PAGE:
May 30, 2024

The U.S. Supreme Court unanimously held this morning that the NRA can proceed in its lawsuit against New York bureaucrats who tried use their regulatory powers over banks to intimidate them into cutting financial ties with the NRA—out of their disagreement with the NRA’s beliefs. As we argued in the brief we filed, today’s pervasive regulatory state makes this a particularly serious threat: it enables bureaucrats to pressure private businesses in ways that violate the Constitution—and government officials are sometimes quite proud of the fact.

In 2012, for example, the mayors of Chicago, Boston, Washington, D.C., and San Francisco all told Chick-fil-A restaurants that they were “not welcome” in those cities due to the fact that the owners (devout Christians) donated money to anti-same-sex marriage organizations. Since these restaurants need approval from zoning boards and other regulators, that kind of threat is obviously quite serious—and the owners were Chick-fil-A were forced to back down and cease donating to these organizations. That’s a clear violation of the First Amendment right to freedom of expression.

During the oral argument in the NRA’s case, in fact, the government’s lawyer even brought up this argument. Former Solicitor General Neil Katyal claimed that lawsuits like the NRA’s should be barred because many other individuals or companies might challenge the legality of government orders that seek to retaliate against speakers. “[What] they want to do [is] to open up lawsuits for when Chick-fil-A isn’t being zoned in the right place,” said former Solicitor General Neil Katyal. Allowing First Amendment lawsuits under circumstances like these would open the floodgates to litigation.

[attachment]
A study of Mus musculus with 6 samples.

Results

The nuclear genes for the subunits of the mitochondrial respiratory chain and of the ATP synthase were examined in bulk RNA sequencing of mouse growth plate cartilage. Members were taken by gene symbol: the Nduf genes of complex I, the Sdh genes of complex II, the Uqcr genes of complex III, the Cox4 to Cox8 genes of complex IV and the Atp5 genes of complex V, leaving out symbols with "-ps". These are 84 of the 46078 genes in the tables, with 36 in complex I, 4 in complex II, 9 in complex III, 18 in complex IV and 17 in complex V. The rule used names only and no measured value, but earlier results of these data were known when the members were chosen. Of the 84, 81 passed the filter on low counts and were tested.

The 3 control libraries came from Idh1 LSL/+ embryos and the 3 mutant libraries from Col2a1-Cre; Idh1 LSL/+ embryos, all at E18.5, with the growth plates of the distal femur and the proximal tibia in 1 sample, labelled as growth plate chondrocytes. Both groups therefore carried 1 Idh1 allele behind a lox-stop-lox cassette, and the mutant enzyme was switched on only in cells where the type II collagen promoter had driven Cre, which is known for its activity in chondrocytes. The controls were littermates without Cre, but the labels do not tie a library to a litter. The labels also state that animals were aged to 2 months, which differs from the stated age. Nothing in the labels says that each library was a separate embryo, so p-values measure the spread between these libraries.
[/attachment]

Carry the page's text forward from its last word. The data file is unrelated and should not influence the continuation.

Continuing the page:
But the Court rejected the floodgates argument. “Where, as here, a government official makes coercive threats in a private meeting behind closed doors,” wrote Justice Sonia Sotomayor, “the ‘ballot box’ is an especially poor check on that official’s authority. Ultimately, the critical takeaway is that the First Amendment prohibits government officials from wielding their power selectively to punish or suppress speech, directly or (as alleged here) through private intermediaries [such as the regulated banks].” Since “a government official cannot do indirectly what she is barred from doing directly,” and the government isn’t allowed to punish the NRA, or Chick-fil-A, for its expression of its beliefs, then government regulators are also prohibited from “nudging” censorship, by pressuring people not to do business with those the government dislikes.

Timothy Sandefur is the Vice President for Legal Affairs at the Goldwater Institute’s Scharf-Norton Center for Constitutional Litigation and holds the Duncan Chair in Constitutional Government.